Grief is one of those things that everyone is going through in some shape or form and we seem to think that the polite thing to do is never, ever bring it up or mention it ever. And if that could stop immediately that. Would. Be. Great.
My first instance of grief was second-hand. A close friend lost her mother after a long illness when we were just 13 years old. For so long we steered clear of the subject. Desperately amending our stories to exclude our mums lest we mention them and look at her with horror as if we were rubbing her face in her loss. We couldn’t have known how else to handle such an awful situation at that age.
A week after my 18th birthday my Nan passed away. We weren’t exceptionally close but this was the first time I was grieving for me and not just feeling sadness for someone else. I remember not being able to sit with my friends at lunch, opting instead for the floor of my teachers office. This was my first tug of the fish hook pain of grief.
While studying in Edinburgh my Gran died. Even though we had said our goodbyes before I left, this was not the news I was hoping for. So you can imagine my extreme dissatisfaction with the universe when two months my mum told me that my stepfather was sick out of the blue. He died two weeks later.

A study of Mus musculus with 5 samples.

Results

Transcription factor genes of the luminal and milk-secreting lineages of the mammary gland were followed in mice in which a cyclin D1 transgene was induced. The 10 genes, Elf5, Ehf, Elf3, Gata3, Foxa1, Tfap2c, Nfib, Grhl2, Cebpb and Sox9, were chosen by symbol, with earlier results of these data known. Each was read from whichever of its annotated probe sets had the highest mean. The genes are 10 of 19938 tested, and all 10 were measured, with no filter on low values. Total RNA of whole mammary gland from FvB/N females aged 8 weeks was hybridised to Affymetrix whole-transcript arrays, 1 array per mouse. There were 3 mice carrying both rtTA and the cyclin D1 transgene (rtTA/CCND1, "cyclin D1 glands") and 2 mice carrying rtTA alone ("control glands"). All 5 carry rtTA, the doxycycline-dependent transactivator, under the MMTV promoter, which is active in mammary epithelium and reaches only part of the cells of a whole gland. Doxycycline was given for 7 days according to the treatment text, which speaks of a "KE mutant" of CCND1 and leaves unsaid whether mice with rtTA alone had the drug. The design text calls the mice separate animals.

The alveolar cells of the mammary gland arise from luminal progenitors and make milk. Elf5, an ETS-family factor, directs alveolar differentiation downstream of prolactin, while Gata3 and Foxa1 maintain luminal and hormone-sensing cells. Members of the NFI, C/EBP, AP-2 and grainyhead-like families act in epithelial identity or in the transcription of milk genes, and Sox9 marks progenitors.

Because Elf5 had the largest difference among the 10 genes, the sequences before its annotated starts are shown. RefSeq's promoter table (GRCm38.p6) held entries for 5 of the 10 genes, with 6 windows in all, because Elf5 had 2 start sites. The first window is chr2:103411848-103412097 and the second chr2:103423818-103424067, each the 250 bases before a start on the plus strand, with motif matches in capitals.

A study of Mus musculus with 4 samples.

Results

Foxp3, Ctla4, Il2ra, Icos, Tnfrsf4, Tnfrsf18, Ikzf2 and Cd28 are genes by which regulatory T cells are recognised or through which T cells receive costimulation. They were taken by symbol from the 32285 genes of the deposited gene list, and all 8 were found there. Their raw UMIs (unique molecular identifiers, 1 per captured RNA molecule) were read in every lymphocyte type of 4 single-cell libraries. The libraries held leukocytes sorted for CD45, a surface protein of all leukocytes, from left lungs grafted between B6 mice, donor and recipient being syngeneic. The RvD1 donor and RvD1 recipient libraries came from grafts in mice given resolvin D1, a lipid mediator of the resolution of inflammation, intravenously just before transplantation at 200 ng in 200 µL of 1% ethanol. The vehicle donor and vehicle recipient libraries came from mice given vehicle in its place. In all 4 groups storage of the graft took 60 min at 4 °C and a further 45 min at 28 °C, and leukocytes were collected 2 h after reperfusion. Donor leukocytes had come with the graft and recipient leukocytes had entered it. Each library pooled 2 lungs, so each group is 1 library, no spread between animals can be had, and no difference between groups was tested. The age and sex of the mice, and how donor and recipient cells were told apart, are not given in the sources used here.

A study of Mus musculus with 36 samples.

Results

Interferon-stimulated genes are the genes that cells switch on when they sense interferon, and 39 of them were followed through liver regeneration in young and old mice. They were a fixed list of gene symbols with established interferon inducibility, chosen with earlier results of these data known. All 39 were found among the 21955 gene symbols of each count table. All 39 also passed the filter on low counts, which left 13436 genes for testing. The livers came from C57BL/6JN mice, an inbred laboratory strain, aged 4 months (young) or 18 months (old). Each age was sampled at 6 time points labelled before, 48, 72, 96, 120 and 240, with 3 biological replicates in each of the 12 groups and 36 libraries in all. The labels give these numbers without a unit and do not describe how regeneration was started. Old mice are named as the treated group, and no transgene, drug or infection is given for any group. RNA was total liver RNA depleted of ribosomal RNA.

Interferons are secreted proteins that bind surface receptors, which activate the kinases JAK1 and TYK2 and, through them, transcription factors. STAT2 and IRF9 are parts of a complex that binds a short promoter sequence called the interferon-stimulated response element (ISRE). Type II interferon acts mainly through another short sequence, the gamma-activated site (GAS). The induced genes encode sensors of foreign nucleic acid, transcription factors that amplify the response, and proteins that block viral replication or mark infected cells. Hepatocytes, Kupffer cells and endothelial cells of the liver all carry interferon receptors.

It is damn near impossible to give a shit about anything when you’re grieving and I was stuck sitting my final exams. I passed 2 classes but dropped the ball on the other. I traveled for about a month afterward feeling torn inside between guilt of being happy, delighted that maybe he was with me seeing all these amazing places too. Ultimately I felt alone. I was with my partner and neither of us could make me feel whole.
When people were game enough to ask how I was doing, their head tilted in concern, the Fish Hook Of Grief is how I’ve tried to explain my thoughts without screaming “I’M GRIEVING, YOU IDIOT”. Indulge in a little imagination and picture a fish hook that has pierced your cheek and is pulled upwards slightly. If you saw this you would ask the person about it, right? And if you were the one with the hook in your face you would surely expect someone to question it. It’s infuriating that nobody brings it up.
More than just the sight of it, you can feel it. Some days it will feel like someone in the clouds above is actually trying to yank you up to them. Some days it feels like a light sting. You can become familiar with the feeling but you can still tell it’s there.
Grief to me is love that has nowhere to go. That includes break-ups and other difficult good-byes. I don’t think grief is as taboo as it seems. So many people are grieving and it’s normal and natural and it sucks but it can be healing too. You can't tell how hard other people are hurting and even when you don't know what to say, just be there and listen.
To end on a happy note, here's a cat picture.